Remediation can be classified according to contaminant type, soil phase and the core transformation process, as shown in Chapter 1. The goal of remediation is to reduce adverse effects and the resulting environmental and human risks posed by the contaminants. This goal can be achieved by their elimination, degradation or other transformation to non-hazardous or less hazardous and non-mobile forms. This chapter applies the reactor approach, an interpretation common in chemical and bioengineering, to describe the overall remediation technology. This description is based on a transformation process that (i) is characterized by material balances; (ii) takes place in reactor volumes; (iii) is equipped with machinery to perform certain operations; and (iv) aims to design, operate, and maintain “the plant,” i.e. the processes in the reactor.
What this means in the context of soil remediation is that processes take place in real reactors or in quasi-reactors. Quasi-reactors have no walls or other built boundaries, but they are limited by the boundaries of the impact volume of operation, usually by an engineered volume – with in situ soil remediation as an example. The entire technology, equipment, processes, material transport, inputs to and outputs from the reactor, and optimal technological parameters and their control, including mass balances, should be planned and implemented as for any other technology. Reactors can be characterized by size, type, and the process taking place in them. They can be closed, semi-closed, or entirely open, but always containing a certain volume of soil or range of operation.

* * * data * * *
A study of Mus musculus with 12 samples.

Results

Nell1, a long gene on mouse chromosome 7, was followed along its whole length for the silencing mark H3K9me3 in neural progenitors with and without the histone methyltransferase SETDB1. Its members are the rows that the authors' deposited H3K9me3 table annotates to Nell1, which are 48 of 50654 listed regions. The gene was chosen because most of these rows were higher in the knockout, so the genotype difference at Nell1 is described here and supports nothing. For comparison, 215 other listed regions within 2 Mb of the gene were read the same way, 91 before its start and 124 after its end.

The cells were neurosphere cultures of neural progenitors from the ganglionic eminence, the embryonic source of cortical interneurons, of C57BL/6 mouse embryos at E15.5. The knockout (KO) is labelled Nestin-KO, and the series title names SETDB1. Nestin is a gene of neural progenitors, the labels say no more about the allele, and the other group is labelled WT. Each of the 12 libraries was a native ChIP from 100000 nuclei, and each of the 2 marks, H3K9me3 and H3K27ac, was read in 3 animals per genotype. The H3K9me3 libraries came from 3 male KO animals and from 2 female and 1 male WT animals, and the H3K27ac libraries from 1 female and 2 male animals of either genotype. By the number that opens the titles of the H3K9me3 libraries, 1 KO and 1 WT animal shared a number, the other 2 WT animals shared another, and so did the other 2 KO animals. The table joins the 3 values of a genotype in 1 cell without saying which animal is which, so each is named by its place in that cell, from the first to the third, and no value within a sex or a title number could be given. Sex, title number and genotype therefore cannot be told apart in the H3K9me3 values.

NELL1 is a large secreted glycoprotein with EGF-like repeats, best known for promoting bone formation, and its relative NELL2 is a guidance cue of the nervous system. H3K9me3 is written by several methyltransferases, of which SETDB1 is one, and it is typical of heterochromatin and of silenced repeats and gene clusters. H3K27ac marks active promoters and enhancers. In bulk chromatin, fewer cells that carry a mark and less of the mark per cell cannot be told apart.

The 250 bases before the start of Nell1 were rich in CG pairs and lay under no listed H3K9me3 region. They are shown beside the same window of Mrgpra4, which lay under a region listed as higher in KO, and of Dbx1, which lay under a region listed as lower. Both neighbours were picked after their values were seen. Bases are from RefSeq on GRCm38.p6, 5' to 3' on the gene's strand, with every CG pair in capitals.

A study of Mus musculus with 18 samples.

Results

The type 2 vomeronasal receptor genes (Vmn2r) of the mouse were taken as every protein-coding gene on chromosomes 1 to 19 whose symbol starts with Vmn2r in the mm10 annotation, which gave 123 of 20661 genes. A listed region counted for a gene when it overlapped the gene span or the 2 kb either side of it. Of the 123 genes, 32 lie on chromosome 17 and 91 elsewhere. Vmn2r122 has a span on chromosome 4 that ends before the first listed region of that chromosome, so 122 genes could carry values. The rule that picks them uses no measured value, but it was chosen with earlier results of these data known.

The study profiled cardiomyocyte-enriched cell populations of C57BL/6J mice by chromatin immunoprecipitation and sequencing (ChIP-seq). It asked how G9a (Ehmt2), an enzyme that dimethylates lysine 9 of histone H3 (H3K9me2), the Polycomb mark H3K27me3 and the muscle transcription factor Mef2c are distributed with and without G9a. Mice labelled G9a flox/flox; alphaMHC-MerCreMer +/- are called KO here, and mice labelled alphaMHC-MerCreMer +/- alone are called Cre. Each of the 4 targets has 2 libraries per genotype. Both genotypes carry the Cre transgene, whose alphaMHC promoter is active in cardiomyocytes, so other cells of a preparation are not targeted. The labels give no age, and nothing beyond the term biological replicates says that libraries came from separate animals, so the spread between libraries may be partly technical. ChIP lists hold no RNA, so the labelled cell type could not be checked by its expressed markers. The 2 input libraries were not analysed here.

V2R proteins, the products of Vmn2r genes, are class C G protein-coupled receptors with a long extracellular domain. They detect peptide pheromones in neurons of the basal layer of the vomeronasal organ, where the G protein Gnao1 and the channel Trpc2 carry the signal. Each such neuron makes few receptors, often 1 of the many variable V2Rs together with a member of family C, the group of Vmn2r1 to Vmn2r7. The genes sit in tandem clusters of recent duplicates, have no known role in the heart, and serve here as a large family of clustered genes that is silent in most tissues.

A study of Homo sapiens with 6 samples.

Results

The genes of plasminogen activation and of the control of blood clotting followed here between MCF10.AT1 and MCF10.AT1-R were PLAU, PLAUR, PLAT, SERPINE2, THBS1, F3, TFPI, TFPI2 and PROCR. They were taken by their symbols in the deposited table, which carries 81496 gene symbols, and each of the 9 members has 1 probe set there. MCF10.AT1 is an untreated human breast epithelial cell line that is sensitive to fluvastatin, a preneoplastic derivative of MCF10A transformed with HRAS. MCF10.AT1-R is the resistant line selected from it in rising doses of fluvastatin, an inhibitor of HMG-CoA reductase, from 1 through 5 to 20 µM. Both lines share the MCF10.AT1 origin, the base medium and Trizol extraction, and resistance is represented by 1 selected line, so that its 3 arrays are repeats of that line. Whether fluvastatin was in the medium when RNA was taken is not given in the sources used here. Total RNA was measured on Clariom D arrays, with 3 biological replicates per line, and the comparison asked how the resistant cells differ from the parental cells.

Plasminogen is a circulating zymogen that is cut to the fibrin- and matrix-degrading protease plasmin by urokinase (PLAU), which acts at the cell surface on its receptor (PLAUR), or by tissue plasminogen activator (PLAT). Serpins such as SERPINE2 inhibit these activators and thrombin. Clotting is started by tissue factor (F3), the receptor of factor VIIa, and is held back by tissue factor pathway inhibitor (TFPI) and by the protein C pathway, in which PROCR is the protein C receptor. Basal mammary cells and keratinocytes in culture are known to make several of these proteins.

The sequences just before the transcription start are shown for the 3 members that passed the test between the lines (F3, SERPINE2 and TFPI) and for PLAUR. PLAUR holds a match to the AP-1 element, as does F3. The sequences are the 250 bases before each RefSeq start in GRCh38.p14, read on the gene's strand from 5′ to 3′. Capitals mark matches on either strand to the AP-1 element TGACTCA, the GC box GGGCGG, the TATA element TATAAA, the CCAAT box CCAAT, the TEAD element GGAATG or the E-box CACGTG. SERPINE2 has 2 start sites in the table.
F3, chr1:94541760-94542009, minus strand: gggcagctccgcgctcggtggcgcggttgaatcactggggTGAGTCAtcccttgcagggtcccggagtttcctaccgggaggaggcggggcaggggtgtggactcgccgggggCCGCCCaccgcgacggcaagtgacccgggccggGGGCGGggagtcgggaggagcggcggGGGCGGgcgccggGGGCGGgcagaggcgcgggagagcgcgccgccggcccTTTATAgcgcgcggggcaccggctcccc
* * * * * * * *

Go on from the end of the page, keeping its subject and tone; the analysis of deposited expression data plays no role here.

Soil and groundwater remediation covers a sequence of operations, the mass transport route within the reactor or from one reactor to another in a cascade arrangement, and the mass balance of the individual steps and the whole process.
Remediation as a “reactor” differs from other engineering devices in its extreme complexity and heterogeneity and the limited accessibility of the solid material in which the transformation takes place, which hampers predictability and design. Pilot testing, high versatility, and a combination of technologies, suitable monitoring, and control may ensure efficient soil treatment.
Soil remediation is redefined in this chapter based on a generic engineering approach: a controlled transformation produces valuable end products in a reactor, and the processes can be characterized by mass and energy balances.
The author believes that this approach is necessary to clarify confusion regarding terminology and the way of thinking that still prevails in environmental remediation. Today’s practice often uses terms of processes or operations instead of those for treatment technologies and confuses technological considerations with managerial aspects. The reactor approach will help in situ natural or near-natural bio- and ecotechnologies to obtain recognition and will contribute to their spread and acceptance.